At first glance it looks like a corporate war between giants on the book market that is of little interest to the little people. Yet, the foot soldiers in that war are writers, especially those writers who finally began to believe in their chance to find fame and fortune through self-publishing.
So what are the battle lines?
On one side, we have Amazon, or more specifically, a new department of Amazon’s publishing arm KDP (Kindle Direct Publishing), KDP Select that requires exclusivity from its authors. Last week, Barnes & Nobles responded to Amazon’s exclusivity’s policy by declaring it would refuse to distribute any books published by Amazon. B&N was soon followed by Indie Commerce and other smaller publishers, joining the movement to boycott Amazon.
Some aspects of this boycott are still unclear. Does it also cover books published by Smashwords and then distributed to Amazon? Does it affect only print books or also ebooks? These practical sides of the boycott are still being debated as the publishing world is polishing its weapons.
Ironically, in the 70’s, when B&N, then only a retailer, entered the world of publishing, it created an uproar in the publishing world that was ignored by B&N and did nothing to prevent its success.
Early last January, rumors of B&N’s intention to sell its publishing arm Sterling following losses of earning began to fly around. Bought by B&N in 2003 for $115M, it now boasts an estimated 6,000 plus title base of e-books and print books. Its catalog includes more than 500 books in the Barnes & Noble Classics and its Library of Essential Reader series. Sterling reported $6 million losses for the quarter ending last October, less than the $12 million for the previous quarter but losses nevertheless.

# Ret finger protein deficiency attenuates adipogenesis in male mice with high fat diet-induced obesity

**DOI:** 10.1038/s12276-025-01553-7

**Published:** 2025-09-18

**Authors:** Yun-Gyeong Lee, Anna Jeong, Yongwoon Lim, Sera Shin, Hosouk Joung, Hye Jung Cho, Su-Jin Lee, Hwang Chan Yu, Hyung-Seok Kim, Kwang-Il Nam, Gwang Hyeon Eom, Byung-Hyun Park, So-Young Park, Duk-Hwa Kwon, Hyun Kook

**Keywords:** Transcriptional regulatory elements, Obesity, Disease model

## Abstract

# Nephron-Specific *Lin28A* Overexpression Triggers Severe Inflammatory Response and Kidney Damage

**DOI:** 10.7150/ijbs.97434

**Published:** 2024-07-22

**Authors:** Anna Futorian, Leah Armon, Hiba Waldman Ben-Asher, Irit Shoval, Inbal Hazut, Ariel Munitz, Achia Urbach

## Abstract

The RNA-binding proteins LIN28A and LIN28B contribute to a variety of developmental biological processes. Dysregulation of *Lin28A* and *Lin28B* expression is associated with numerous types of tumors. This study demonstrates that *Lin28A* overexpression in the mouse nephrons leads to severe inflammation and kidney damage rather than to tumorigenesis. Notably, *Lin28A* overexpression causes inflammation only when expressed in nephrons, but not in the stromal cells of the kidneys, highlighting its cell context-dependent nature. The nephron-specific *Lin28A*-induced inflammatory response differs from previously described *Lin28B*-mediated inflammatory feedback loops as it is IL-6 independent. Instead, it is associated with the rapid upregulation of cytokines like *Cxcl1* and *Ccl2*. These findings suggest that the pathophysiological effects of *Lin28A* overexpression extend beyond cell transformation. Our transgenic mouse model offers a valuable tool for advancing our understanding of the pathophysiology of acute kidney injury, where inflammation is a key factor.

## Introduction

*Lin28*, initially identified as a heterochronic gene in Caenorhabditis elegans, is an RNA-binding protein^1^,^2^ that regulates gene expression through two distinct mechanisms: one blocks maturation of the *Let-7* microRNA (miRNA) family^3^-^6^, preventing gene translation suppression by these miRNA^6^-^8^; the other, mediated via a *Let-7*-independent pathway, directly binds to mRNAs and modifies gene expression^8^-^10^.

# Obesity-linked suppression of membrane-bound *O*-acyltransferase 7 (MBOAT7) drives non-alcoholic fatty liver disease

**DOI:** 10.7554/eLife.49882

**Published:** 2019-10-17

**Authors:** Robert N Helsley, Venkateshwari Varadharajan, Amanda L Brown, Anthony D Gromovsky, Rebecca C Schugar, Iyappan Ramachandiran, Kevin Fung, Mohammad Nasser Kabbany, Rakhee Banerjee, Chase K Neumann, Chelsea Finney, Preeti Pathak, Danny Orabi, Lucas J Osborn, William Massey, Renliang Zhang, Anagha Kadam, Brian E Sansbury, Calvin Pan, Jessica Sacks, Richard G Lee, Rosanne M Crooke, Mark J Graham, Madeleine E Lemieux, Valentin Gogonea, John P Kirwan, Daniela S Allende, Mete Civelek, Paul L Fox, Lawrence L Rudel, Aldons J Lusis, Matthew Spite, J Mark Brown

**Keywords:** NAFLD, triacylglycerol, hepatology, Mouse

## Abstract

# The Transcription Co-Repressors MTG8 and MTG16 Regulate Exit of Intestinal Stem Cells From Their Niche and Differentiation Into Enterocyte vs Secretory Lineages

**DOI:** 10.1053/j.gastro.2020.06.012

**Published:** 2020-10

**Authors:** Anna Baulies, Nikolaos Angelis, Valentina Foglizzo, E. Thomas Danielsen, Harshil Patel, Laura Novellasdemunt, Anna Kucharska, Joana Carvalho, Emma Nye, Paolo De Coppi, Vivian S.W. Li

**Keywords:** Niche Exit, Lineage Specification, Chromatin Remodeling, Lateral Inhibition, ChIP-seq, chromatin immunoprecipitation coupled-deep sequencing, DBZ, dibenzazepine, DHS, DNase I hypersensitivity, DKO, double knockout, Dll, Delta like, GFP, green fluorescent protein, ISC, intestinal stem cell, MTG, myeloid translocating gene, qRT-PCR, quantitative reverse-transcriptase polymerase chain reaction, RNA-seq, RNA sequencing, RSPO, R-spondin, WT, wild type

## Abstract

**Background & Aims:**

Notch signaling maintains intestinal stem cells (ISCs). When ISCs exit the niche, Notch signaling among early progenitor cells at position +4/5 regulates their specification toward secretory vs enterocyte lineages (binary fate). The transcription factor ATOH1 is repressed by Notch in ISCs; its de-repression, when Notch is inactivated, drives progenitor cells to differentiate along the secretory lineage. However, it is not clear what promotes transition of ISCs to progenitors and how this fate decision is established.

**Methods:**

It might well be that B&N’s opening salvo against Amazon is a move to raise the value of Sterling prior to selling it rather than a move to define the face of tomorrow’s publishing market, but the growing number of smaller publishers following B&N’s lead are definitely boycotting Amazon in order to fight the exclusivity clause in KDP and the right for authors to have their work available to all and not only though one outlet, even a giant one such as Amazon.
Another reason that might have caused B&N’s retaliatory move against Amazon is the rumor that Amazon intends to open a pilot retail shop in Seattle, a real threat of encroachment in the physical retail dominance that still belongs to B&N.
While the two giants, Amazon and B&N, are defining the lines of battle, authors are not the only ones likely to suffer the consequences of this war. Authors will have to choose a camp, decide where to publish knowing that whatever their decision, it implies loosing exposure from the other camp.
Yet, as ultimately, readers are the customers, they will inevitably be dragged in this conflict. As books are formatted to fit certain ereaders and the next move might be to ban downloading books from the other side on proprietary ereaders, they will have to carefully choose which ereader they purchase, Kindle or Nook, as it might dictate which books they will have access to.
So while the giants are fighting to reap more dollars, it is individual authors and readers that will suffer from this war fallout.